Pati Drumm Grady, The Cooperstown Cookie Company

September 8th, 2009 · 15 Comments


A seasoned entrepreneur prior to launching The Cooperstown Cookie Company, Pati owned a successful corporate research and executive search firm, as well as a retail factory outlet store. However, the world of baseball and cookies had a different flavor altogether.

Pati realized that the cookie business was unfamiliar territory, so she asked for help. Using her resources, she wisely surrounded herself with experts in commercial baking, packaging, finance, marketing and food science.

Pati was also fortunate to have the support and cooperation of the Baseball Hall of Fame, where she ultimately introduced The Cooperstown Cookie Company at the 2004 World Series Gala. Her all-natural shortbread cookies, made without additives or preservatives, were a home run and the baseball community took notice. Thus, very early in the game, Pati trademarked “Cooperstown Cookie Company®” & “Classic Baseball Shortbread®.”

When the New York Yankees came-a-calling in 2005, Pati knew she had an all-star idea. The baseball club needed 19,000 cookies for a Mother’s Day event. Unfortunately, Pati’s operation was unable to fulfill their request. Knowing there’s no crying in baseball, Pati built a relationship with the Yankees’ Senior VP of Marketing, a connection that led to her to meeting with MLB representatives and becoming an official licensee in 2008.

Becoming a licensee was huge for Pati’s small business. It allowed her to expand her line and sell baseball-themed gifts sporting any of the 30 MLB teams’ logos. Today, Pati offers a variety of MLB cookies and cookie gift towers, as well as baseball cookie mix, cookies by the tin and a selection of gifts under $10. Newest in her lineup are single-serve Baseball Cookie Bunt Packs©. A bunt is a smaller version of the original shortbread sold in a pack of three bite-size cookies and is also available in individual team branding.

When Pati’s business outgrew her kitchen, she reached out to Pathfinder Village, a community for children and adults with Down syndrome that had a commercial kitchen. Pati involved the staff in the baking process, and, although she has since moved to a bigger facility, they still help with packaging her Classic Baseball Cookie Mix. Pati donates part of her proceeds to Pathfinder Village and uses her company to create awareness about the community.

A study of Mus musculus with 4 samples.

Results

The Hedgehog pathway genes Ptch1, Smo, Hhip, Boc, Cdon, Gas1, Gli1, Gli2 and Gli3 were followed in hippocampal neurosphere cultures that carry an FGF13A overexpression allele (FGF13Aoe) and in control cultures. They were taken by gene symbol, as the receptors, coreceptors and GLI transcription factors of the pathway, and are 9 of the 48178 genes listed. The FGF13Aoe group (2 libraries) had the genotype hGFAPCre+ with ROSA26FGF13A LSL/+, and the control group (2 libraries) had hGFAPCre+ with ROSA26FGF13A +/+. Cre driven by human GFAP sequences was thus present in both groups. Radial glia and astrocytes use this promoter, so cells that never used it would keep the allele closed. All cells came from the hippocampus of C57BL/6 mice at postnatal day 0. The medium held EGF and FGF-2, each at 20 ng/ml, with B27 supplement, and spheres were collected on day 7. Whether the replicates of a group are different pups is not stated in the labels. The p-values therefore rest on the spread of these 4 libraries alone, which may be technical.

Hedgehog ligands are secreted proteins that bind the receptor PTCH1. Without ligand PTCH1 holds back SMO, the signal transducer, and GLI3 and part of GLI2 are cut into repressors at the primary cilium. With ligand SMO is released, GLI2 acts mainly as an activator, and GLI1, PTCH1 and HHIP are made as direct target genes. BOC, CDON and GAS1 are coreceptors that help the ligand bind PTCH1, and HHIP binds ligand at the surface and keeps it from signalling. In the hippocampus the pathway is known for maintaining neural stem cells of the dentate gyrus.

The Cooperstown Cookie Company is now strengthening its infrastructure and preparing for even more growth. Pati is launching a new website that will increase web traffic and better tell their story. Driving sales is also a major focus. In addition to ecommerce and the store, Pati now ships directly to wholesale businesses, and is using distributors and sales people to expand the company’s reach. Pat also has her eye on new ventures in the baseball gift market, including baseball stadiums, Minor League Baseball teams and the international arena.

Pati and The Cooperstown Cookie Company have enjoyed international exposure in the Los Angeles Times, Town & Country, Japan Times, Sporting News, Washington Post, and New York Times. Pati’s cookies are available online, at her store, in Nordstrom’s and at Whole Foods in the northeast. They have appeared on the Food Network’s Unwrapped and the classic baseball shortbread cookies were even named Rachael Ray’s Snack of the Day on July 4.

What we learned from Pati: “It’s important to know when you need help. Once I got to a certain point, I knew I couldn’t keep doing this out of my kitchen. I needed a cookie expert. So I went to the Cornell University Entrepreneur Office and enlisted the help of a female food scientist. Since money was limited, I offered her deferred comp for her sweat equity. I’ve also consulted experts in food science, commercial baking, marketing, finance and packaging.”

Baseball and Cookies – A Double Play

“I had no idea how big the baseball market was. It’s huge! I’m still amazed at how pervasive baseball is in America. There’s a lot of competition out there, but the marketplace didn’t have an all-natural, gourmet baseball cookie. That’s our niche. We were able to combine America’s love of baseball with their love of cookies.”

Money is the Scorecard in Business

“I’d advise entrepreneurs to talk to people doing a similar project. Find out how much things will cost. Remember that money is the fuel that keeps the machine going, so don’t ever underestimate the amount of capital you’ll need. Research market conditions & raise enough capital to sustain the business up to 5 years. It takes money to grow your business to the next level.”

Swinging for the Fences

“Our biggest challenge is driving sales and keeping production steady to fill orders. Sometimes they’re more than the bakers can finish. Handling the fast growth over the past five years has been a real challenge. We’re trying to put our arms around it and be strategic to involve the right people. We’ve made some mistakes. But if we hadn’t maybe we wouldn’t be fending off this financial tidal wave. This has international potential and we are definitely gearing up for the next level.”

This Featured Lady was profiled by Megan L. Reese, WORDrobe™ Stylist for Her Write Image in West Grove, PA.